The GSR, based on the futuristic B-King concept bike unveiled in 2001, which was promoted as a wild, wanton and lascivious street-fighter. Anticipation was heightened by descriptions including "modern art meets race technology". Below is how the B-King concept bike looked in 2001, above is the GSR600 today
The brakes are conventional rather than the new radially mounted variety. The forks are not upside down, which is even more shocking to the pack mentality. The suspension permits only minor adjustment, which is not what your track-day bore wants at all. After all, playing with settings is so much more interesting than actually riding a motorcycle.
The engine is from last year's GSX-R600 and the gearbox from the 2004 version.
A look at its truly innovative appearance confirms that... The GSR600 is chic and sophisticated rather than brutal. Front indicators are moulded into the fuel tank. Twin LED tail lights are styled to look like extra silencers.
Moulded covers blend the tank seamlessly into the twin-spar aluminium alloy frame. Even to an observer who can't tell an upside-down fork from a doughnut it's obviously modern and desirable.
The ride emphasises what the look suggests. The bike is fast and friendly but not arm-wrenchingly aggressive. My first impression was of comfort. The slim, low, two-tone saddle is complemented by a wide set of handlebars offering massive leverage and a relaxed riding position.
I felt in complete control as soon as I sat on it and that confidence-inspiring mood was justified from my first short ride. The GSR has the balance of an alley cat and laser-sharp tracking. High-speed cornering is easy and confident. Point it where you want to go and the Suzuki obeys, whether snaking through a succession of sweeps or tipping hard into tighter turns.
The engine noise resembles a 1000cc sports bike, particularly the sumptuous induction roar. But Suzuki has tuned out the warp-drive effect familiar at high revs on its GSXR range. The GSR is capable of 220 kph and from 10500 rpm to the 14 000 rpm redline it tugs hard. But power is configured to deliver greatest heft in the mid-range.
Stirring the honey-sweet, six-speed gearbox hard on back-road twisties rewards the most adventurous rider with an impressive display of pace and agility.
It does not redefine middleweight sporting standards - the GSXR600 K6 is Suzuki's contender for that title - but the GSR makes everyday riding about as much fun as it can be on with a combination of lightness, striking aesthetics and sheer usability.
A swelling minority of motorcyclists are growing out of hyper-sports performance bikes. The law makes them worthless anywhere other than a race track and in the wrong hands they contribute to alarming accident statistics. A new class of experienced rider seeks machines to be enjoyed to the optimum without scaring themselves.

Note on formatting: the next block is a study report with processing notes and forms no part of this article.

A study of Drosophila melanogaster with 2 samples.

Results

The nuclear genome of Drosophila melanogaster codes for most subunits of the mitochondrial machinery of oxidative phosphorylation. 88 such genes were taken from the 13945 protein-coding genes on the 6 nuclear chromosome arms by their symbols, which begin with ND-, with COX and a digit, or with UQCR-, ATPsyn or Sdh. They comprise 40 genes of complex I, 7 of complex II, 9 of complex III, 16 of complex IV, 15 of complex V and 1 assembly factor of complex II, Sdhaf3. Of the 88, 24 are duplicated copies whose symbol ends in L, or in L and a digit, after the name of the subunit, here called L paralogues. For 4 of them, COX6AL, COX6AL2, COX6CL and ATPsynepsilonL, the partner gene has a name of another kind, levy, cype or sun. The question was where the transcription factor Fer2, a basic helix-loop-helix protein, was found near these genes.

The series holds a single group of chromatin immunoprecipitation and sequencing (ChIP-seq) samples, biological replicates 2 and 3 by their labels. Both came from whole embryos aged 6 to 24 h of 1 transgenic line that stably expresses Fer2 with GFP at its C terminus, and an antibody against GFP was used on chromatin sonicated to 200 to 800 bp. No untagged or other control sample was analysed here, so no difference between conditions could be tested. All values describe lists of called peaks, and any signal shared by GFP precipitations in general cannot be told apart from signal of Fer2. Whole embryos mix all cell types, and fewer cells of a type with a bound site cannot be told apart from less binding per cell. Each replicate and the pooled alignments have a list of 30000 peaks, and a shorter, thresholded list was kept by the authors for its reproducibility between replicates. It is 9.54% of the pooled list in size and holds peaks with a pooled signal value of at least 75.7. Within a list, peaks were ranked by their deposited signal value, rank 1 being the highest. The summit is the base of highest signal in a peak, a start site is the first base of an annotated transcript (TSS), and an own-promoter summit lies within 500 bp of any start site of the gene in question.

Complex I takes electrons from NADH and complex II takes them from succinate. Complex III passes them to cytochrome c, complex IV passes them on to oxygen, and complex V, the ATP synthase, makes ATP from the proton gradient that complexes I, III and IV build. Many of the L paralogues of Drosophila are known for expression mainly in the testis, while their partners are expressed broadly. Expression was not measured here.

They appreciate performance but no longer crave racetrack sensations. For such riders, Suzuki's GSR600 is rewarding.
Obvious competitors include Yamaha's 600 Fazer. I would hazard a guess that it might also appeal to riders of more style-orientated bikes such as Ducati Monsters and Harley-Davidson Sportsters. It is a much more powerful machine than equivalent-sized Italian or US twins but its unintimidating feel at modest speeds and in traffic renders it suitable for a moderately experienced rider seeking to develop new skills.
That applies particularly to women and smaller riders who may find the low seat and light weight inviting.
The GSR is enjoyable rather than exceptional but it deserves to be rescued from the conceit that the only gauge of a motorcycle's worth is its capacity to break performance records.
There is a lot to be said for some comfortable riding pleasure and the GSR offers that in spades. The Suzuki GSR600 is civilised, stylish and sensible.
Motor: Liquid-cooled four-stroke transverse four.
Bore x stroke: 67 x 42.5mm.
Compression ratio: 12.5:1.
Valvegear: DOHC with four overhead valves per cylinder.
Induction: Digital fuel-injection with four 38mm throttle bodies.
Clutch: Cable-operated multiplate wet clutch.
Transmission: Six-speed constant-mesh gearbox with final drive by chain.
Suspension: 43mm conventional cartridge forks adjustable for preload at front, monoshock adjustable for preload and rebound damping at rear.
Brakes: twin 310mm disks with four-pot opposed piston Tokico callipers at front, 240mm disk with single-piston floating calliper at rear.
Tyres: Front: 120/70 - ZR17 tubeless. Rear: 180/55 - ZR17 tubeless.
Seat height: 785mm.
Fuel capacity: 16.5 litres.
Dry weight: 183kg.
Thanks to Adam Butchart and the guys at Suzuki South Africa for the ride,
the Suzuki GSR600 is fantastic little motorcycle.